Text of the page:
48° 53’ N, 123° 23’ W (published March 2014)
Sometimes the best anchorages are unexpected ones. The weather had been perfect for our cruise in Desolation Sound, British Columbia, and my husband Seth and I were looking forward to a few more days there. But as we listened to the VHF while readying the dinghy for our day’s adventure, we learned of an approaching low. Its strong southeast winds would kick up a steep chop in the Strait of Georgia, right when we’d be heading south. We couldn’t wait until after the low had passed because we had to be back at our academic jobs. So I put away the dinghy anchor and hauled up the yacht’s anchor instead. If we made a fast overnight passage, we’d make the tides into the Gulf Islands off southern Vancouver Island. Then we could hole up until the low blew out but still be close enough to our boatyard to reach it in time. We didn’t much care where we holed up, as we were hugely disappointed to be leaving Desolation Sound early.
So it was in a gloomy state of mind—not helped by the fatigue of night watches spent banging into an unexpectedly early sou’easter and keeping track of our GPS-less navigation—that we sailed into Montague Harbour on Galiano Island. Seth and I had debated between several bays and decided on this one not because of any interest we had in Galiano, but simply because it looked well protected and big enough to accommodate the many boats that would also be seeking shelter.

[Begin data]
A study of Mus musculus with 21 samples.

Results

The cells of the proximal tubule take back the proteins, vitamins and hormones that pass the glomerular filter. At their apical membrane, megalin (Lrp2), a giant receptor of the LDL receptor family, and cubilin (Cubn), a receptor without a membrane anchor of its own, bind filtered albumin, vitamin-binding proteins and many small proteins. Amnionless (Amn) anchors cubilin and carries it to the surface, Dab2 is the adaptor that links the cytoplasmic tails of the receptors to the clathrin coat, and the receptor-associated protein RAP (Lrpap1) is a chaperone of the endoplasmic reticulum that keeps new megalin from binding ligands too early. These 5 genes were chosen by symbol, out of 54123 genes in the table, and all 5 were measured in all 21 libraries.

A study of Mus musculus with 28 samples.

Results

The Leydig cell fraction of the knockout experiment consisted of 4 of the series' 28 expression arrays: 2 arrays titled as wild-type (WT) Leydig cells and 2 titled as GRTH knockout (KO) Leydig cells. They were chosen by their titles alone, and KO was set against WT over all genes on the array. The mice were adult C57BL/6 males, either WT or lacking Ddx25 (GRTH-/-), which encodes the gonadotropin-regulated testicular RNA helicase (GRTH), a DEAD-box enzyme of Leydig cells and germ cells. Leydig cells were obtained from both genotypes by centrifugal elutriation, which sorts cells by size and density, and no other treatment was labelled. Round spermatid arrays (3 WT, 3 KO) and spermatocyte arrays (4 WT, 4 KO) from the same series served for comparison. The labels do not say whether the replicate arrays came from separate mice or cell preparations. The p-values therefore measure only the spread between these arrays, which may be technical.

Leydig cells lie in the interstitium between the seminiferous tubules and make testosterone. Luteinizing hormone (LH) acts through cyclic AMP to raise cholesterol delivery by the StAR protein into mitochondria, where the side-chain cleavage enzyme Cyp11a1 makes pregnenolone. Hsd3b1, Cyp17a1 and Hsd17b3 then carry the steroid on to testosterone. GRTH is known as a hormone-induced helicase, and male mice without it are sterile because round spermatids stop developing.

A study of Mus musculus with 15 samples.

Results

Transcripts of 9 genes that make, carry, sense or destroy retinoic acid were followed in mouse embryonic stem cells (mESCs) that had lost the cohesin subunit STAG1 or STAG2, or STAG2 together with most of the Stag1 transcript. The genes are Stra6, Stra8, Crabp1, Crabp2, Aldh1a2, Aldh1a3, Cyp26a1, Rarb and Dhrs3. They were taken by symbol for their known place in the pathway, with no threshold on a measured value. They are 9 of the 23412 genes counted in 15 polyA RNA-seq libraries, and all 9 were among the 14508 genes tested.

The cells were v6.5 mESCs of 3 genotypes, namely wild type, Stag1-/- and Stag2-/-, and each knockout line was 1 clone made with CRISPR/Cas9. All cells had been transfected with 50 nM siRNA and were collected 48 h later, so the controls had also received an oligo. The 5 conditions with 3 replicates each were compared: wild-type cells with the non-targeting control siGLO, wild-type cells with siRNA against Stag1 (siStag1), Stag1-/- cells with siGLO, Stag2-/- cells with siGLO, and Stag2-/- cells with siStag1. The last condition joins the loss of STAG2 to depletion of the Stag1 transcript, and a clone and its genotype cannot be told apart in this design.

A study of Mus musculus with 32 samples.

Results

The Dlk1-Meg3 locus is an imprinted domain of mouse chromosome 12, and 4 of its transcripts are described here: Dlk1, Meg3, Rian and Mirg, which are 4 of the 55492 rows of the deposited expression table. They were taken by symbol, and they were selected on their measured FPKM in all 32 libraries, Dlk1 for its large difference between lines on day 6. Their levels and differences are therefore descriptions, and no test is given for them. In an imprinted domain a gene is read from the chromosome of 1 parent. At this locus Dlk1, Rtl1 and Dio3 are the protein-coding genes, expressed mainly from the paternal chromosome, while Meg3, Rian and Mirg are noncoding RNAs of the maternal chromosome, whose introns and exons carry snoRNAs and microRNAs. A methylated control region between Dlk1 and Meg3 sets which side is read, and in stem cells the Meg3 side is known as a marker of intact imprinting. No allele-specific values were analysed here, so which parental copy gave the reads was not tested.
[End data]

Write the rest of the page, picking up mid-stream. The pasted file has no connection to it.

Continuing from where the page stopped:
Very soon, however, we discovered that Montague Harbour had a definite cheerful charm. There were plenty of other boats, but we had no difficulty finding good holding in mud and 20 feet of water, a comfort considering the forecast gale. When we rowed ashore, there was a government dock where we could leave the tender for free for most of the day. From there Seth and I strolled up to an information board that told us, to our delight, of a nearby provincial park.
A surfeit of juicy blackberries along the road held me up so long that I’d never have reached it if Seth hadn’t been determined to stretch his legs. The park’s trail skirted the northern peninsula of the harbor and crossed a spit of sand where immense driftwood had piled up. The trail wound through arbutus trees with their curly red bark and offered lovely views of the bay. It was low tide, so we spent just as much time on the beach looking for purple starfish as we did wandering among the salal bushes and red cedars.
Back at the dock, we stopped in the Sea Blush Cafe for the cruiser’s staple food: ice cream. The sun poked through the clouds and we sat on the porch chatting with the people next to us and surveying the anchored boats, swinging with the gusts that were surely gale-force outside the bay. We’d completely forgotten our disappointment in leaving Desolation Sound and were already enjoying this new, beautiful and unexpected harbor.